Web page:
Common Cognitive Biases and Negative Outcomes for Individuals and Organizations:
“Systematic errors are known as biases, and they recur predictably in particular circumstances.” (From Thinking, Fast and Slow (2011) by Daniel Kahneman – Nobel Prize in Economics)
Nancy has been a leader at a private company for just over a year.
During this time, she has been looking, listening and finding out all that she can about the company’s culture and explicit ways of doing business while fulfilling the mandate of a newly created role. Nancy has demonstrated strong outcomes in her previous roles and that is why she has been hired.
As time goes on, Nancy is a little surprised that her supervisor, Carol, has been distant. It has been difficult for Nancy to book time to get the direction and feedback that she needs to carry on with integrity and alignment. She feels that she has done her part to solicit direction and feedback from Carol, and anyone in the organization that can provide her with the milestones, signposts and ideas to carry her work forward.
When unexpected financial constraints come into the picture, Nancy’s role is deleted. No direct feedback about her performance was given to her prior to this. Indirect feedback reveals that Nancy’s supervisor, Carol, was not pleased with her work and felt that she asked too many questions and did not have the skills to lead with confidence. One can only speculate that a difference in leadership paradigms may have been in play here.
As you can imagine, this situation was devastating to Nancy and to her contribution to the organization as a whole.
A key point is that there was little feedback to Nancy prior to the role deletion and little conversation subsequent to it.
Nancy, had, for all intents and purposes, been labelled by her supervisor and when financial constraints came to bear, her position was deleted.
This story may serve as one example of cognitive bias on the part of her leader, Carol, and be experienced as subsequent confusion by Nancy. In this instance a judgment appears to have been made about Nancy.
This leader, Carol, one can speculate, was probably busy with the many demands of her executive role and didn’t take, or have, the time to collect a well rounded representation of Nancy’s actual work results for the organization. The critical point here is that Carol used a limited sample of results and specific evidence, and that which she did use may have been impacted by a cognitive bias.
Perhaps Carol was not looking with a neutrally oriented and evidence based eye, or with a mind to understanding Nancy’s context. Carol’s mind was made up and there seemed to be no opening for a conversation, or a change in the perspective of the leader who may have completed her appraisal with haste given the overwhelming responsibilities that she was carrying.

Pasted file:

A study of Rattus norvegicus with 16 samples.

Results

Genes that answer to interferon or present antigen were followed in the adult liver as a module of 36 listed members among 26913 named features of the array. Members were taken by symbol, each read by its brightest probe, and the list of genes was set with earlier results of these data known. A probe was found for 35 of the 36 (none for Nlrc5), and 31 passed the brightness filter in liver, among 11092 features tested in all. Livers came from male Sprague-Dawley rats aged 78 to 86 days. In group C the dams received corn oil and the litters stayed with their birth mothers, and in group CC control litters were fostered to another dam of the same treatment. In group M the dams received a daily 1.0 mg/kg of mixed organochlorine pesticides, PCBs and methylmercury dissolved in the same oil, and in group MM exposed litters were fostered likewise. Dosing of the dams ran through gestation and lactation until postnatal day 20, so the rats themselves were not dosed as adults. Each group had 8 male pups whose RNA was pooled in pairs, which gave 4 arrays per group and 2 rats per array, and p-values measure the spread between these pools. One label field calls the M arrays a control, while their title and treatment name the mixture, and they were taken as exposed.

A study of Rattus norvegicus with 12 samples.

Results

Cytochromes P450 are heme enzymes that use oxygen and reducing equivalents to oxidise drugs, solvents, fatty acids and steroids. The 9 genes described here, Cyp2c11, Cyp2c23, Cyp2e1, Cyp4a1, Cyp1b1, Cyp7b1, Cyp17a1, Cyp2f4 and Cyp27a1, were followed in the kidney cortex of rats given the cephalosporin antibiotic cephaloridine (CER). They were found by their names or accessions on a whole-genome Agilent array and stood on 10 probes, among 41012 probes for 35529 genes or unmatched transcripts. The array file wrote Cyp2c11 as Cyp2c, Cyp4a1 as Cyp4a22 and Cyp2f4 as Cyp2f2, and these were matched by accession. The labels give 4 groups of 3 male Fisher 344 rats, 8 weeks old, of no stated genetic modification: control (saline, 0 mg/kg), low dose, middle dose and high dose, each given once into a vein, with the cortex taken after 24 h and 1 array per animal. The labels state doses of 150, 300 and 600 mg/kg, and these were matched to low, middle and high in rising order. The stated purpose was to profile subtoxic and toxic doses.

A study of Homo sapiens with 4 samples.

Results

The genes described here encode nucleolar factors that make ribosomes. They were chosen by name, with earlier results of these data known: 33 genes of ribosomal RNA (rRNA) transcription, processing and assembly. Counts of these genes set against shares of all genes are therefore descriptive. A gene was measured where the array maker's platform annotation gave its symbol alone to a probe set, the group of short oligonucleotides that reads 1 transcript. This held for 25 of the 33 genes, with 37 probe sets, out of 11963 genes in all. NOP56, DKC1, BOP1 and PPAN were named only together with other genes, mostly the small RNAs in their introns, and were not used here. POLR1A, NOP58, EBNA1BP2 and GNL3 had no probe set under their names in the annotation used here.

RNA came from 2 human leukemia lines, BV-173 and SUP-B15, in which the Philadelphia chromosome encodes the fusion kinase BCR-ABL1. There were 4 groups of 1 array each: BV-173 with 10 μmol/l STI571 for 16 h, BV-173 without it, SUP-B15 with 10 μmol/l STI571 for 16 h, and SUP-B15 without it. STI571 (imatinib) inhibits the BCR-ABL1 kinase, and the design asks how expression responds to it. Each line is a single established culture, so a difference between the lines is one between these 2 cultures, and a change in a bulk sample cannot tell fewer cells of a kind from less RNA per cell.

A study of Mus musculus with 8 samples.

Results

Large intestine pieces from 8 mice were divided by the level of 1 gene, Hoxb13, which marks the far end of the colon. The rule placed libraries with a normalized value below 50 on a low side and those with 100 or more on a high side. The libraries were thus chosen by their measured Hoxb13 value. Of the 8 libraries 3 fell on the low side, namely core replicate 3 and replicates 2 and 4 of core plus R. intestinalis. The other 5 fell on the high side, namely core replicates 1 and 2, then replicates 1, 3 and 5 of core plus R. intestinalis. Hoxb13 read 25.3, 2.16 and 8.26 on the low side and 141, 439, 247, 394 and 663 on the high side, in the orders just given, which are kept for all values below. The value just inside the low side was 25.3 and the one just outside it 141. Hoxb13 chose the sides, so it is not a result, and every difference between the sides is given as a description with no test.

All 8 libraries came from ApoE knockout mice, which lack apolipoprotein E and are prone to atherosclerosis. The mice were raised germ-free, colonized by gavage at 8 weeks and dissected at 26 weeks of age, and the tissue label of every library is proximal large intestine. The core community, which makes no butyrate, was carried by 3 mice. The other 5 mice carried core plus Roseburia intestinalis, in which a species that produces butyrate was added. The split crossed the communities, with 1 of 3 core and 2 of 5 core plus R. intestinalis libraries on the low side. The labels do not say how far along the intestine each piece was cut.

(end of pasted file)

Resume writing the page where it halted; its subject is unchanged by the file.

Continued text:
And, one can speculate, that perhaps Nancy reciprocated the cognitive bias of labelling her supervisor as well.
At first blush, the term cognitive bias sounds like a theoretical concept that doesn’t have much relevance.
Cognitive bias often comes into play in our relationships with others, in the workplace and In families. As shown in Nancy’s example, when this happens there can be negative consequences for people and organizations.
For leaders, the challenging aspect of cognitive bias is that it can trip us up if we are unaware. It is critical to be open to recognize cognitive bias in the decisions and actions of those around us. The above story shows the cognitive bias called fundamental attribution error. It is quite common in workplace contexts.
Fundamental attribution error occurs when someone is labelled. It could translate to a reputation of being lazy, having a lack of confidence or being inflexible. The person being labelled might be in a challenging situation dealing with unknown and unexplored factors, but when the label is given it often sticks beyond the time and context of which it was applied, impacting future advancement opportunities.
If new situations and changing circumstances arise, the employee may meet them differently, but it may not be noticed if the fundamental attribute, or label, is not re-examined or readjusted based on seeing the employee, and their current evidence based contributions, with an open mind. Do you have any experience of this? Have you, or anyone in your family had this experience?
Breakdown in communication is a pivotal aspect of fundamental attribution error. If I have labelled that person, then it may preclude any conversations or openness in our interactions. It can be difficult for this person to ‘break free’ of this label and it can impact present and future career trajectory or business relations or family interactions.
How can you learn to recognize when you might be doing this? When others may be doing this? It is a discernment that is critical for leaders, for direct reports and for organizations.